Understanding how to read a number with decimals is the first step in understanding what the decimal is representing. There is a big difference between 0.1, 0.01 and 0.001. Recognizing these numbers represent one-tenth, one-hundredth and one-thousandth helps children to manipulate the numbers in equations.
Reading a Decimal Number
You can help a student understand that decimal values, like people, have a first name and a last name. Its "first name" is the number. The "last name" is the last place value in which a number holds a place. For example, the decimal value 0.84 is read eighty-four hundredths. Eighty-four is its "first name" -- the number. The four is the last number, and it is in the hundredths place. To the right of the decimal point is the tenths place. Each place after the tenths decreases by an order of ten -- hundredths, thousandths, ten-thousandths, hundred-thousandths, millionths and so on.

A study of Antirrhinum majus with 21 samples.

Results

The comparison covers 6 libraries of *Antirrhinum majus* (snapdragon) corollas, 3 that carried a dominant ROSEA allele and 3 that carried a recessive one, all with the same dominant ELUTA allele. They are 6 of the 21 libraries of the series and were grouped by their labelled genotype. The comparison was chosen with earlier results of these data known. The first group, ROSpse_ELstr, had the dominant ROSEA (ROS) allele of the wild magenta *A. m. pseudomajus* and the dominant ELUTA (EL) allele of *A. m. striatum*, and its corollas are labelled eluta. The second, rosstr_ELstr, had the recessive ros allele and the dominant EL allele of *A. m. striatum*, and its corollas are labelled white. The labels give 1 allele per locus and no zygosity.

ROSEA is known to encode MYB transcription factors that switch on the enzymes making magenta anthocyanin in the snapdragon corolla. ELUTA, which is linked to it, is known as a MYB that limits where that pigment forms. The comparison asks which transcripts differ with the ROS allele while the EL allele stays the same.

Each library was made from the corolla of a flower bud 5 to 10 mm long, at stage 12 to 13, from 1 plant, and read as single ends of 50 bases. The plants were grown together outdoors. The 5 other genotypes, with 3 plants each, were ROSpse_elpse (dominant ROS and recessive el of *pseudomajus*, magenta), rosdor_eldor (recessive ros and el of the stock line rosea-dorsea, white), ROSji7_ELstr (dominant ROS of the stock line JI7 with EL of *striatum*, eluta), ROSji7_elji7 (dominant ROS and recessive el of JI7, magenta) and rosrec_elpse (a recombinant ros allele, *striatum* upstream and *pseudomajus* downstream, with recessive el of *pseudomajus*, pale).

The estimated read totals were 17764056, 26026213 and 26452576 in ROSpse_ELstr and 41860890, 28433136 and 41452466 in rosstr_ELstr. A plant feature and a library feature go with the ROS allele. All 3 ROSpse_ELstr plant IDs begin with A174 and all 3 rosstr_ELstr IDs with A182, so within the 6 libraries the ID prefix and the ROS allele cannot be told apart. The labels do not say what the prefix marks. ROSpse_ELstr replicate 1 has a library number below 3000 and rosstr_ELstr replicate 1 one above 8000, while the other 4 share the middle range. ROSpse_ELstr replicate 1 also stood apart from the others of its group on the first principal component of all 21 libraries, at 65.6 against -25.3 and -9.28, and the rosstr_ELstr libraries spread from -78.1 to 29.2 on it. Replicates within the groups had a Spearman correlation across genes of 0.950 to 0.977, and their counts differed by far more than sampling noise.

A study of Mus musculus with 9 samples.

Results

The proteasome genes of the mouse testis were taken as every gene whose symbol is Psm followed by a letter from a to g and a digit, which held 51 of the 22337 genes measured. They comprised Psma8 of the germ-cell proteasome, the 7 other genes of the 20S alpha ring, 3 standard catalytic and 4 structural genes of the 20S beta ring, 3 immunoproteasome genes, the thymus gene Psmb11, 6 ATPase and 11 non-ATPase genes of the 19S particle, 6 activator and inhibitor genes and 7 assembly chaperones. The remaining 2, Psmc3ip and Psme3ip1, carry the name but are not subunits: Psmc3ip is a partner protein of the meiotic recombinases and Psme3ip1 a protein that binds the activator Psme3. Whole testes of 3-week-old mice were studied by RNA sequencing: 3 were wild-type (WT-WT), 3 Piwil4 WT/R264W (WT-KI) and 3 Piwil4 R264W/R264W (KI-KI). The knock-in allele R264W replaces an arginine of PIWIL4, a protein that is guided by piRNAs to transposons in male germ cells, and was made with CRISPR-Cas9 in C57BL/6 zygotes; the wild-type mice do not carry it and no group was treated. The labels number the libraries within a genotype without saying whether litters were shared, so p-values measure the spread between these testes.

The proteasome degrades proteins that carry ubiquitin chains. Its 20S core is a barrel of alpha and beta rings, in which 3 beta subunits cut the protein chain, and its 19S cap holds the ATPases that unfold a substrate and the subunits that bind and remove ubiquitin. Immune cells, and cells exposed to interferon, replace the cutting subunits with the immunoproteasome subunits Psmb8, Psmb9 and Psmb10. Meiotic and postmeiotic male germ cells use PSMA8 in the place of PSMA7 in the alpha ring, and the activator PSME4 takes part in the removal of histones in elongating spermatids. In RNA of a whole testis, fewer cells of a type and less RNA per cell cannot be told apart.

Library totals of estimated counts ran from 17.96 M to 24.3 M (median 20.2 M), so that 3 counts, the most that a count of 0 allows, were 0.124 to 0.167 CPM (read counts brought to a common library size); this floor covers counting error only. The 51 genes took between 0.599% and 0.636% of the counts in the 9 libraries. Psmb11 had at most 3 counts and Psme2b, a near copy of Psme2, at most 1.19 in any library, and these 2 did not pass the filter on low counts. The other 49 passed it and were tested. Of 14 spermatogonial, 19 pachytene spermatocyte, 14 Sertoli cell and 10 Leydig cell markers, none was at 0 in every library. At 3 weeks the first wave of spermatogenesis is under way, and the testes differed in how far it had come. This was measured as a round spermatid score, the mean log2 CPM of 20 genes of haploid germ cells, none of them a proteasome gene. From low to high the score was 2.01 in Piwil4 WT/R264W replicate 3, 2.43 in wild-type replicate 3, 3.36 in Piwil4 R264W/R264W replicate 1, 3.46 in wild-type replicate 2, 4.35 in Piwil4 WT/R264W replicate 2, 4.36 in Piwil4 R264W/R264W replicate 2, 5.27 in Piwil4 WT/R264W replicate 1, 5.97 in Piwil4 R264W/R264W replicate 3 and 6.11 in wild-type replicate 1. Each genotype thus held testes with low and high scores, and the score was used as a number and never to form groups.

Numbers Larger than One with a Decimal Point
All numbers have decimal values, even numbers 1 and larger. If a number is whole -- for instance 2 -- it could be represented with a decimal, in this instance 2.00. But because it is a whole number the decimal is eliminated. Any number to the left of a decimal point is a whole number and is read based on its base-ten place value -- 106 is read one hundred six. If the whole number has a decimal point and numbers after the point, say "and" for the decimal point. After reading the whole number, read the decimal number's first and last names. The number 106.064 is read one hundred six and sixty-four thousandths.